Proper Construction

It’s that time of year again–when zillions of people across the country are making a mess of their leftover turkey sandwiches. And that’s a real shame. The noble turkey should never be wasted on an inferior sandwich.

And it’s so unnecessary. We covered the making of a proper turkey sandwich four years ago.

To be fair, the blog had fewer readers then. So if you’re new here, check out that post and spread the word. As a bonus, you’ll get our mindlessly-easy recipe for turkey soup.

But that aside, there’s another sandwich-related problem plaguing America–a worse one, as it strikes at the very foundation of indigenous American cuisine.

As we noted four years ago, mayonnaise is the devil’s condiment. So why has it become the default on hamburgers*?

* Let’s not get into the argument about the ancestry of the burger. Sure, every meat-eating culture has a dish involving ground meat. It’s a great way to use up the leftovers. But the hamburger qua hamburger? American born and bread. (Sorry).

I blame Canada. No, seriously. Forty years ago, Canadians were the only people so lost to virtue as to put mayo on a burger. Today, everywhere in America, if you don’t say “NO MAYO, DAMN IT!” you’re going to get a thick, slimy layer of that white stuff on your burger.

Yeah, a thick layer. Even if I was prepared to accept mayo on the bun–which I’m not–it would have to be as a condiment, like the ketchup and/or mustard* it’s ostensibly replacing, not as an ingredient in its own right. But no, the default is a giant scoop of the evil stuff, outweighing the bun. Heck, I’ve occasionally gotten a burger where I’m fairly sure there’s more mayo than meat.

* You may be surprised to learn that a person of such definitive opinions won’t take a position on the ketchup/mustard debate. The reason is simple: my preference in the matter changes. Some days I want one, some the other, and sometimes both.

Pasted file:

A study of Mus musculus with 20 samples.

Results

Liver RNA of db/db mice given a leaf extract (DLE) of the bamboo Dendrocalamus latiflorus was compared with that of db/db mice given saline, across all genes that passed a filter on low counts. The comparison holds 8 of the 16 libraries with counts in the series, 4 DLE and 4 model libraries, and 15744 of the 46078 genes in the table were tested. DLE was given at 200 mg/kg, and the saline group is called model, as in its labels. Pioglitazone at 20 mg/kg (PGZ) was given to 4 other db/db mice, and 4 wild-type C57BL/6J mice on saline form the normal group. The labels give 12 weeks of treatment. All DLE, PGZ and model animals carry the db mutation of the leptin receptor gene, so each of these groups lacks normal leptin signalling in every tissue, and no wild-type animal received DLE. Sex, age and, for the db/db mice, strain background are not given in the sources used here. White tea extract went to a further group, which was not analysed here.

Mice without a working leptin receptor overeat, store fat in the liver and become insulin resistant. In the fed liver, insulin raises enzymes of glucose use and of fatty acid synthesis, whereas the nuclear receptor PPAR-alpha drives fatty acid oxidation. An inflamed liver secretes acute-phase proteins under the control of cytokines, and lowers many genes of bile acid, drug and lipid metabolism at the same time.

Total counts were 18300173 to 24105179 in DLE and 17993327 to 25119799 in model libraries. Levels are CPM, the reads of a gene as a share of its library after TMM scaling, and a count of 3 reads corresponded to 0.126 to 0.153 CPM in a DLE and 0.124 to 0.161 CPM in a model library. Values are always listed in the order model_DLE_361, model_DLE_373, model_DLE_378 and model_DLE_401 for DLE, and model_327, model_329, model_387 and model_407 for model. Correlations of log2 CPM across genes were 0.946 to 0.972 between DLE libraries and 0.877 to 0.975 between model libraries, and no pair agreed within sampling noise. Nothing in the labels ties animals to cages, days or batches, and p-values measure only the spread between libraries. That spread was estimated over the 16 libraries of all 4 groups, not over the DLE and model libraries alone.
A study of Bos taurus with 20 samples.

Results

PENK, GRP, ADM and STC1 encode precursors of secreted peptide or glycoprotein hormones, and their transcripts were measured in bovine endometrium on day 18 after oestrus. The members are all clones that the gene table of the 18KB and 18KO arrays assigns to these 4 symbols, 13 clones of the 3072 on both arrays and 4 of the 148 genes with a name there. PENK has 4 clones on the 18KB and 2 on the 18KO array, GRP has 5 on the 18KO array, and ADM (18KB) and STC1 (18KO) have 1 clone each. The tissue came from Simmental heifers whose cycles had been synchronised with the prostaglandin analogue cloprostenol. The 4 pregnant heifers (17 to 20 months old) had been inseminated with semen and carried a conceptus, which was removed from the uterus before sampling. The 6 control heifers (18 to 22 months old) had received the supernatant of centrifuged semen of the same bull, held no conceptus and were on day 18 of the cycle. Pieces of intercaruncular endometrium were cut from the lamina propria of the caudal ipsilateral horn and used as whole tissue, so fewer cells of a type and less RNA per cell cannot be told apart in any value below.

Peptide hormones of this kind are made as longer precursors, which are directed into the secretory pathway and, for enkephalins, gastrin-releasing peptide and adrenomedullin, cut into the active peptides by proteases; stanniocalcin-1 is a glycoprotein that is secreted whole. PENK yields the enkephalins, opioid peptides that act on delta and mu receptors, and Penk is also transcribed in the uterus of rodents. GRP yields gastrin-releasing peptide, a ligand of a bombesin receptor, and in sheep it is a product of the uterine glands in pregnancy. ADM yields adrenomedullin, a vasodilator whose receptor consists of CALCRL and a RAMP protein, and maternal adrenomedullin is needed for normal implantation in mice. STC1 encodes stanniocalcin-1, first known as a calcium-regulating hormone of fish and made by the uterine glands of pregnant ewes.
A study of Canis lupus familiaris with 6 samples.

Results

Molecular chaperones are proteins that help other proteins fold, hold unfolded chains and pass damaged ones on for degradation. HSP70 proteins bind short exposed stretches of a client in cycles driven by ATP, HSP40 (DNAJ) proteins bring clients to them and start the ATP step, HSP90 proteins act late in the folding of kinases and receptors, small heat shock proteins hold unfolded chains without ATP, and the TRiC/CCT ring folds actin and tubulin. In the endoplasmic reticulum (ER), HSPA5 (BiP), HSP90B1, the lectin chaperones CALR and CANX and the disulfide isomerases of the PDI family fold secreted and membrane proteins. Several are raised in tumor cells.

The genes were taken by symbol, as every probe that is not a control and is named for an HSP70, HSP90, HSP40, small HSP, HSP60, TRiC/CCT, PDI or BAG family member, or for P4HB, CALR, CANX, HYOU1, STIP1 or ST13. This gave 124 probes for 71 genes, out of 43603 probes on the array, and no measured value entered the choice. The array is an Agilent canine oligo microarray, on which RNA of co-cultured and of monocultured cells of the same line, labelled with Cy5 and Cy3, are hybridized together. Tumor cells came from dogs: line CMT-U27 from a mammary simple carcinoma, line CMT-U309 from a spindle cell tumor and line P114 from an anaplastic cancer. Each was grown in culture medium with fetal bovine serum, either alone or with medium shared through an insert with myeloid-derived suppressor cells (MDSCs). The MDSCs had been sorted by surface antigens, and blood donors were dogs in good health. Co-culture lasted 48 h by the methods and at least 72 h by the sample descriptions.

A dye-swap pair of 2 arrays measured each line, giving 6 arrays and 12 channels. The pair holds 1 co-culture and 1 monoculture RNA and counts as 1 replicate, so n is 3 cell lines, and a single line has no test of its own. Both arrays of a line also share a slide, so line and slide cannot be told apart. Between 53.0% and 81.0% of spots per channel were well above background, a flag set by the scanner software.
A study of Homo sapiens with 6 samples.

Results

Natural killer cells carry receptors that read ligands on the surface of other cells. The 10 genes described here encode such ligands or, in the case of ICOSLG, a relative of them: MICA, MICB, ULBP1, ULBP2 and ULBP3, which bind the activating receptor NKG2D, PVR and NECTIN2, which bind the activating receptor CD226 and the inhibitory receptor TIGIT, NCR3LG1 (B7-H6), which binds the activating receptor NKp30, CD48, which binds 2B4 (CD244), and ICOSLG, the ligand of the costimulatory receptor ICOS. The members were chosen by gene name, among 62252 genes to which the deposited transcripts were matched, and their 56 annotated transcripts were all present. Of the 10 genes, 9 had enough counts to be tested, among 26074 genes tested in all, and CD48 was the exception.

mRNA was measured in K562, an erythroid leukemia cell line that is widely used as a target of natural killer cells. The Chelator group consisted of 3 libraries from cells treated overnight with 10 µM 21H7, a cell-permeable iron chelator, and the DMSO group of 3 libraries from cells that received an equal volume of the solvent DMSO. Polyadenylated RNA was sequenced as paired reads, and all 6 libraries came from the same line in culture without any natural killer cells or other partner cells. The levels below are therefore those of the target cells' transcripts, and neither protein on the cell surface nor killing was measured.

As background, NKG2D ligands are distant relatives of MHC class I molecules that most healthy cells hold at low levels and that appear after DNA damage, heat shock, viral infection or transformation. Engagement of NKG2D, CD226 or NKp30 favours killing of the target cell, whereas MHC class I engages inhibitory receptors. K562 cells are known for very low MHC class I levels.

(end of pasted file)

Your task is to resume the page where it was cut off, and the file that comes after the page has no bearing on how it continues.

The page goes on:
It’s a deplorable situation, folks, and it’s only made worse by the ever-increasing tendency for burgers to include lettuce.

I’m not talking about a big wad of shredded lettuce intended to make a fast food burger look as though it’s got some nutritional content. No, I’m talking about an allegedly legitimate food burger with a wad of iceberg big enough to have sunk the Titanic.

Does anybody think this is a good idea? Really. Serious question. Lettuce adds no taste. On a burger, it does two things, neither desirable. It bulks the burger up to the point where you can’t possibly open your mouth wide enough to eat it, and it delivers water straight to the bun, making it soggy.

Really, people, get with it. You want tomato on your burger? Go for it. Onion, raw or grilled? No problem.

But when it comes to lettuce, follow Nancy Reagan’s advice and Just Say No.

And that white, slimy stuff?

Hell No to Mayo!

7 thoughts on “Proper Construction

  1. I know it seems pretentious, but since several visits to England- primarily London- a few decades ago, I’ve taken to eating my hamburgers with a knife and fork, as they did, rather than picking the dripping, unstable thing up and trying to eat it with my hands, usually getting a third of the ingredients on my shirtfront or lap.
    People sometimes notice, but I don’t care. Life offers us quite enough stressful situations without that of trying to eat a sometimes towering burger without tools. I do, however, eat my fries with my fingers, if that helps.


      Mind you, it’s equally pretentious to carry a book press with you to flatten burgers to the point you can get your mouth around them.

      I fully endorse your right to use tools to eat any food you wish. I’ve never laughed at anyone using a fork and knife to eat pizza either.

      For the record, I’ve been known to use a fork to eat fries, usually when the ketchup is too eager to come out of the bottle.

        No, what I’m talking about are the substantial burgers served at places like Luka’s, in downtown Oakland. Weighing in at a half-pound (and going for twelve bucks, last time I was there), you really need tools to get the job done, unless you want your shirtfront decorated with whatever happens to drop out.
        Just to thoroughly disgrace myself, in the eyes of some, I also eat my burritos with a knife and fork. Didn’t pick that up in London, but it just makes sense, to me.


        As for burritos, I make a decision based on location and mood. Similar to your burger policy, I suppose.


    johnbrownson, I took my mom to an art museum restaurant once, a beautiful and sophisticated bistro – and they had on the menu the most peculiar thing, a pimiento burger. Heaven help me, I ordered it, but alas a patty stuffed with steaming hot pimiento cheese is INEDIBLE without cutlery. Or a siphon. Your approaches in the matter are beyond reproach!


      As for the pimiento burger, sounds like it should come with a complimentary sponge, for post-meal mop-up.